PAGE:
Wednesday, January 9, 2019

Illinois Terminal 234 builders photos

Frank writes...

IRM is home to the only two pieces of equipment in existence that were built by the Danville Car Company: IT 1702, a line car which was a frame-up rebuild of a cab-on-flat Danville built in 1906; and IT 234, an interurban observation car which was built by Danville for the Illinois Traction System in 1910 as the parlor car "Champaign." My recent trip to the Pennsylvania Trolley Museum revealed that PTM has the surviving collection of builders photos from the Danville Car Company and, lo and behold, they have a number of photos of the "Champaign" itself.

All photos are the property of the Pennsylvania Trolley Museum. Please note that these are poor reproductions acquired by photographing the original prints with a mobile phone!

Here's the "Champaign" in all its glory. These photos were taken on St. Patrick's Day 1910. We're looking at the left side of the car here, which is why there's no door (though there are steps off the rear platform on this side). Many changes were made to the car's exterior during its life including steel sheathing, plated-over upper sash windows, and addition of "hips" to the roof to give it an arched roof (current photos of the car are here). The interior saw somewhat less modification. The exhaust pipe at the front corner of the car is for the Peter Smith water heater.
Here's the left side of the car. What a beauty! I believe the exhaust pipes on this side are for the kitchen. This car was built as a trailer, briefly motorized, then returned to a trailer. I'm not entirely certain what the box underneath the car was used for.
Welcome aboard! This is looking onto the front platform with the Peter Smith heater, at the front left corner of the car, evident. The door to the heater compartment is open and appears to be sheathed in some insulating material, likely Transite. The hand brake is to the right.
Here's the car's observation compartment looking towards the rear. At some point during its life the rear wall was replaced. The new wall moved the door to the middle, rather than offset to the left side of the car as it was originally, but just as importantly - though less obviously in this shot - the wall was moved back one window. There are a lot of opulent features the car lost later on including intricate stenciling on the ceiling, the ITS emblem (mostly hidden by a light globe) on the end wall, and some awfully Victorian curtains. The car still has those nice coat hooks and most, if not all, of the original ceiling light fixtures. I'm not sure why they left the pillows on the floor though.
And here's the observation compartment looking towards the rear, with a nice removable table of some sort set up. Compare this photo with the recent photo here - a lot of the details are the same including the glass-front cabinets on the bulkhead and the intricate "fenced" shelves atop the bulkhead seats. It's hard to tell but it looks like the ITS emblem was painted over the doorway at this end of the observation compartment too. The steel rods in the ceiling, that in later years were used for hanging curtains around the fold-out beds in this compartment, were not part of the car's original equipment.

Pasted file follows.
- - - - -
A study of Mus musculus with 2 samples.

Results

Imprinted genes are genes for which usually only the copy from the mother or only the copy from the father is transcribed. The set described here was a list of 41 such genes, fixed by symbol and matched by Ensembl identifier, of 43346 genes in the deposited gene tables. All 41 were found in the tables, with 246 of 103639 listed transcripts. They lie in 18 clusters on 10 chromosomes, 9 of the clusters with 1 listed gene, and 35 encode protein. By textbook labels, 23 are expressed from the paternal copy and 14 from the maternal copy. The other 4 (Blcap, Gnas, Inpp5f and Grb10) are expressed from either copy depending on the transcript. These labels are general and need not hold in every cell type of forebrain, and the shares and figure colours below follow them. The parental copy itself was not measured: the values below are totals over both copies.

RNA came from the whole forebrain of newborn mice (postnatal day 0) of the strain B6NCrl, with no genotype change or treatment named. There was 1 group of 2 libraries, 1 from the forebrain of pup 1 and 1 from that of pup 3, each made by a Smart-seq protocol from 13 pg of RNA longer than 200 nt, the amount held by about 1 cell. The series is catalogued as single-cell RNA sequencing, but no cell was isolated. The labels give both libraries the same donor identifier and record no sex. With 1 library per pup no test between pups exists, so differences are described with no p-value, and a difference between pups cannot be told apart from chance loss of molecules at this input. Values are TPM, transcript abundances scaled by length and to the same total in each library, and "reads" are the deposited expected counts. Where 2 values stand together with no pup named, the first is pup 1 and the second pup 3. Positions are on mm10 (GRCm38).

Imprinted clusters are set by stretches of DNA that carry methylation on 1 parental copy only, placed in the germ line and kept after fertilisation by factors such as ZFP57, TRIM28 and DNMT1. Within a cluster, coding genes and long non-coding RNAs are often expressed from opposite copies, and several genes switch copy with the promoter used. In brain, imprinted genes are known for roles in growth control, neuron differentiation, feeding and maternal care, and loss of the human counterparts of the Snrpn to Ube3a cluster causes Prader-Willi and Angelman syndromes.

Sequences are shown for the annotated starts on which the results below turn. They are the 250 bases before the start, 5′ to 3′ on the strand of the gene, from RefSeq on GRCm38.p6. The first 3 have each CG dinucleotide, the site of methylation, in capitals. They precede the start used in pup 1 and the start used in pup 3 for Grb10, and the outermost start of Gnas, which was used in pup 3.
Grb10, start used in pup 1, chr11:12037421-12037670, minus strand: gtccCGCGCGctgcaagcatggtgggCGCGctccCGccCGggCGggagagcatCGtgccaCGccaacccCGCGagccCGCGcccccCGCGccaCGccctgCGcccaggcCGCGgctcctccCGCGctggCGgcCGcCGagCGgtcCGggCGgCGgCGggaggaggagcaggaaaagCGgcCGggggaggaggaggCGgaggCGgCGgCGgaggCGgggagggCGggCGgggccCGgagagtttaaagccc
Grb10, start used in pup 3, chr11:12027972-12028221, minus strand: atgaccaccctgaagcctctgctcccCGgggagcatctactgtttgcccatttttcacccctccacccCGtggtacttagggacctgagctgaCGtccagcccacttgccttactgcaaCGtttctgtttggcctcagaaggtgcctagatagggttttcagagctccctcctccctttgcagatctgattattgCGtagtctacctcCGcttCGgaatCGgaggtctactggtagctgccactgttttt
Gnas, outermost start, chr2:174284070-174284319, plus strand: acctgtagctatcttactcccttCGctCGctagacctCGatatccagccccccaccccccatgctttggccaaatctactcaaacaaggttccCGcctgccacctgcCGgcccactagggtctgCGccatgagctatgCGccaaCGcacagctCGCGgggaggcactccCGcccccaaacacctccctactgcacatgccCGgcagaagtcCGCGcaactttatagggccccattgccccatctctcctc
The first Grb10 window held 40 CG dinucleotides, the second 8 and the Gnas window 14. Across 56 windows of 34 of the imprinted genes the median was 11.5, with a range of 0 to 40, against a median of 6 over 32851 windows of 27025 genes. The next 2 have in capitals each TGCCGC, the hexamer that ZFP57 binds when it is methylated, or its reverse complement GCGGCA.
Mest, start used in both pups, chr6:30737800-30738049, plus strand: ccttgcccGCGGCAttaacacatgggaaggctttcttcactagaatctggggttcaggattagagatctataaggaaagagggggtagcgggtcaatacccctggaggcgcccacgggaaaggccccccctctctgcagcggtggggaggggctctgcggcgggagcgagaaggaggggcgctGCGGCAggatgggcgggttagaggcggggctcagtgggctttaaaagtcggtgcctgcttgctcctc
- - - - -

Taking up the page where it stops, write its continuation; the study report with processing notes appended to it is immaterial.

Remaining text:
Back on the outside of the car, here's the observation platform. The car still has the same railing but there have been other changes including, notably, moving the rear wall backwards one window. As built the back platform was a good 3' deeper than it is now. Also note that the car was built without the anticlimber or lamps that it has now. It does, however, seem to have kept its original drip rail!
Here's another shot in the observation compartment looking forward, but here one of the two fold-out beds has been set up. In later years they used steel rods for hanging these heavy curtains but it looks like originally they instead used leather straps, or some kind of strap, to hang the curtains. Of course there's a spittoon thoughtfully placed on the floor next to the bed, and again there's a pillow on the floor in front of each of the seats. Was this a common thing in 1910?
I'm not sure how the "Champaign" was set up as built, and I'm actually not all that familiar with its current layout either, but this appears to be a men's lounge of some sort. The match striker on the wall and the leather upholstery suggests this area was intended for smoking This may be on the left side of the car across from the kitchen, I'm not sure.
Here's one of the sections with the beds made up. The car still has these sections though I'm not sure whether we have any of the original bedding supplies for the car.
Here's the kitchen, on the right side of the car near the front, with the two stovepipes at the top going to the exhaust pipes visible in the second photo.
And finally, we have a view of one of the sections with the beds removed. You'll note from the visible ceiling stenciling that this car did not use Pullman-style berths that fold down from the ceiling. Rather, the seat backs folded up from the wall to create the upper bunk while the lower bunk was in its normal spot at seat cushion height. There are fittings visible in the wall under the windows which presumably could be used for attaching removal tables.

Many thanks to Chris Walker and Bruce Wells of the Pennsylvania Trolley Museum for locating these images and allowing them to be photographed and published.

1 comment:

Brian said...

I believe I have an original photograph of the "Champaign" car in my collection. I bought it off eBay a few years ago. It was from (most likely) a builders book like the one you are describing that was at the museum. Someone was selling individual photo pages out of the book on the site. I live right by where this car was built at the Danville Car Company; by Danville, Illinois.